This article is about the spindle. For the Oz character, see Betsy Bobbin
. For German village on Rügen
, see Glowe
A sewing machine bobbin, 2-3cm in diameter.
A bobbin is a spindle or cylinder, with or without flanges, on which wire, yarn, thread or film is wound. Bobbins are typically found in sewing machines, cameras, and within electronic equipment.
In non-electrical applications the bobbin is used for tidy storage without tangles. In electrical applications a coil of wire carrying a current has important magnetic properties.
As used in spinning, weaving, knitting, sewing, or lacemaking, the bobbin provides temporary or permanent storage for yarn and may be made of plastic, metal, bone or wood.
Bobbin lacemaking is a handcraft which requires the winding of yarn onto a temporary storage spindle made of wood, previously bone, often turned on a lathe. Many lace designs use dozens of bobbins at any one time. Exotic woods are extremely popular with contemporary lacemakers. Both traditional and contemporary bobbins may be decorated with designs, inscriptions, or pewter or wire inlays. Often, the bobbins are 'spangled' to provide additional weight to keep the thread in tension. A hole is drilled near the base to enable glass beads and other ornaments to be attached by a loop of wire. Again, in the modern context of the hobby of bobbin lacemaking, these spangles provide a means of self-expression in the decoration of a tool of the craft. Both antique and unique bobbins, sometimes spangled, have become highly sought after by collectors.
A large bobbin of the sort that might be used in an industrial textile loom.
In the case of an electrical transformer, inductor or relay, the bobbin is a permanent container for the wire, acting to form the shape of the coil (and ease assembly of the windings into or onto the magnetic core). The bobbin may be made of thermoplastic or thermosetting (for example, phenolic) materials. This plastic often has to have a TÜV, UL or other regulatory agency flammability rating for safety reasons.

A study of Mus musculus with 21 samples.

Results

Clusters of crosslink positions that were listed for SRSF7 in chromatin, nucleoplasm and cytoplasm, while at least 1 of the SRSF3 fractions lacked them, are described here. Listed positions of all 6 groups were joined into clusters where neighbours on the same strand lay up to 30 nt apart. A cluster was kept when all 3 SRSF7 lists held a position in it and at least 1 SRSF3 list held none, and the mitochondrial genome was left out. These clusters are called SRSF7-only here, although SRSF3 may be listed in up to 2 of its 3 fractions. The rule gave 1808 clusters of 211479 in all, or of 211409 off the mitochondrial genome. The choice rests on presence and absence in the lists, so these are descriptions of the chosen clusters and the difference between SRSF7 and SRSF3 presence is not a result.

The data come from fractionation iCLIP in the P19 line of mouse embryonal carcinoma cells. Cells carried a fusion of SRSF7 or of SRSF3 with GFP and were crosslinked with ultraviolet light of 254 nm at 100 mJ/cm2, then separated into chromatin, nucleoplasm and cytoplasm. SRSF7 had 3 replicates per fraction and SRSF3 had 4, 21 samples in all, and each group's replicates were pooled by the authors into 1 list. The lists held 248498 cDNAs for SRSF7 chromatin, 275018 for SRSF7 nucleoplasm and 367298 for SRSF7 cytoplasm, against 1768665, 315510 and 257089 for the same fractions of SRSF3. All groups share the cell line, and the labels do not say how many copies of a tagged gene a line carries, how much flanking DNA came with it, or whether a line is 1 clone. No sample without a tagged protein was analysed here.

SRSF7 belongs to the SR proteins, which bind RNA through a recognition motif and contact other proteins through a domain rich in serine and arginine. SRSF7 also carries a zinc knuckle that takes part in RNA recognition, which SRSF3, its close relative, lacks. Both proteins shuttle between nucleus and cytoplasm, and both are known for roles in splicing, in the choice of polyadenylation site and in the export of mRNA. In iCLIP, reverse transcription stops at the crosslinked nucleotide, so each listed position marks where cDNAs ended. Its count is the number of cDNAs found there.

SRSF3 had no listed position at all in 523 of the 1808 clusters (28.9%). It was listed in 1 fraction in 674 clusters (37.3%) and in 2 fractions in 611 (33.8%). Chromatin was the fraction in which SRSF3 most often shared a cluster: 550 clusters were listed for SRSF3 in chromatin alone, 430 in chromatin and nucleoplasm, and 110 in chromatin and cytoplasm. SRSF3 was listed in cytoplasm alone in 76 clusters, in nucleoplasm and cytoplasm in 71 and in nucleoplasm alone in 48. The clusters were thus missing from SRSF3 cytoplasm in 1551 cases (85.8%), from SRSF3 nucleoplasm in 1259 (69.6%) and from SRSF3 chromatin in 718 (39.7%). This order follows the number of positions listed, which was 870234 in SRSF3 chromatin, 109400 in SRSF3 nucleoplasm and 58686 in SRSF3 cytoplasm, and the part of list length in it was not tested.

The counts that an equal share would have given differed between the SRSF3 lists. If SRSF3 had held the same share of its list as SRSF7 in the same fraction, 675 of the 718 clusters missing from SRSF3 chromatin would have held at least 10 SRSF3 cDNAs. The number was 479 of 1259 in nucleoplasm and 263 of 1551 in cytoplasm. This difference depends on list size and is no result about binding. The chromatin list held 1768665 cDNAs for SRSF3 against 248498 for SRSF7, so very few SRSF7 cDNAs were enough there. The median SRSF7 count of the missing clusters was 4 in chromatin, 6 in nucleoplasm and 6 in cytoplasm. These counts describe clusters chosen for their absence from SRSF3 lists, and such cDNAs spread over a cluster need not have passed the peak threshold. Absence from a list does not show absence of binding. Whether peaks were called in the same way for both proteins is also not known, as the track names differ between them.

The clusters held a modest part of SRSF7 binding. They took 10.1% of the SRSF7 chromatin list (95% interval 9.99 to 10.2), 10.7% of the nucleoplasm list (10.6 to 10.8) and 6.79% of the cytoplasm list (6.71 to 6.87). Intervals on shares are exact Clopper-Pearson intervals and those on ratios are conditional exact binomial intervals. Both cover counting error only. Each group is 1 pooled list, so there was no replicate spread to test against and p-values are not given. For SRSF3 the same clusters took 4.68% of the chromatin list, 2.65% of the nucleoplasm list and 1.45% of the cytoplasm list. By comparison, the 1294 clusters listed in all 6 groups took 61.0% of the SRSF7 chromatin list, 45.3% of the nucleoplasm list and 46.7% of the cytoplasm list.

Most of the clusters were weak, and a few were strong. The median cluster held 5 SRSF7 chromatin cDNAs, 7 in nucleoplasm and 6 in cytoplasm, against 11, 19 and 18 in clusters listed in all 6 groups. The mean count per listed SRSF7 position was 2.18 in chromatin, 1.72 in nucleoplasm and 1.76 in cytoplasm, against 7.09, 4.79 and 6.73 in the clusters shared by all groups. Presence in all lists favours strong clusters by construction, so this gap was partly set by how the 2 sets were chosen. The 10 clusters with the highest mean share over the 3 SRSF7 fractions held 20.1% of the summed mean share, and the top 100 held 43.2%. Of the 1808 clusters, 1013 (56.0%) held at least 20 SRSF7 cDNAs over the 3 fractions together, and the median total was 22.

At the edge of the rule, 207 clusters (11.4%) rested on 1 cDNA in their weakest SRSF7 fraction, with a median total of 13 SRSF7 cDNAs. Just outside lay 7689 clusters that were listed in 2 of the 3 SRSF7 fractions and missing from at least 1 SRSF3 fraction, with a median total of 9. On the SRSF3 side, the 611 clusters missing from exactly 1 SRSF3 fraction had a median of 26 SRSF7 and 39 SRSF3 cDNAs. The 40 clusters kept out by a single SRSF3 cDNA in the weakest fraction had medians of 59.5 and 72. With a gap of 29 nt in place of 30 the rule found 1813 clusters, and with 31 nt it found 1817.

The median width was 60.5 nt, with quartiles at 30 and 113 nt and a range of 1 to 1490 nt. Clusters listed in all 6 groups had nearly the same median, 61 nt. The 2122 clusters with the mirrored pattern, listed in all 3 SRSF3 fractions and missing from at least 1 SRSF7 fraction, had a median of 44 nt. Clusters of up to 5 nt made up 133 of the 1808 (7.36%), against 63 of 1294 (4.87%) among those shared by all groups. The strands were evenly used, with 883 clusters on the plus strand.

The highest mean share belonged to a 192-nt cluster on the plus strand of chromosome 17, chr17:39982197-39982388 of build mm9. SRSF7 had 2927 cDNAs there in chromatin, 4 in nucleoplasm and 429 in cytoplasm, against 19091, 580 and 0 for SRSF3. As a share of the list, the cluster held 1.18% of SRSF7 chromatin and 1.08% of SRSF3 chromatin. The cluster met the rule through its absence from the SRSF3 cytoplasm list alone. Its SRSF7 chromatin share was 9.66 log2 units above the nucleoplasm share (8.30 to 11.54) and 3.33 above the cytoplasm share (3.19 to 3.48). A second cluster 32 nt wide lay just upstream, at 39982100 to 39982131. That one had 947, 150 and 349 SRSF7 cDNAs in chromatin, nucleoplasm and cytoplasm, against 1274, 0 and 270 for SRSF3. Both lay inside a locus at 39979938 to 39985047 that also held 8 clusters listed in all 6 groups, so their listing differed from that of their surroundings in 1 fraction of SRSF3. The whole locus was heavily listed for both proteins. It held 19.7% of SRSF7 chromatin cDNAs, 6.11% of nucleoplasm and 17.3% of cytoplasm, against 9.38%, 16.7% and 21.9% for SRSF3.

Other uses/references 
- "Bobbin" can also refer to narrow braid formerly used as trimming.
- "Bobbin Threadbare" is the name of the main character in the 1990 computer game Loom.
- The term "bobbins" appears in northern English slang, meaning "rubbish", i.e. something worthless or incorrect. Taken from the cockney "bobbins of cotton", meaning "rotten". This may be related to the contemporary British slang usage, where "bobbins" can be used to denote something negative, particularly in theatrical circles.
- Stephen Colbert has said multiple times, "Let's change some bobbins" in his 435-part series, "Better Know a District," typically when talking about labor unions.
- The Proud Family has an episode where Penny goes to the spelling bee, and her last word to spell for the win is "bobbin."
- The nickname 'Bobbin' is synonymous with a person who is from Wanborough, Wiltshire.
- 'Wind the bobbin up' is a common nursery rhyme.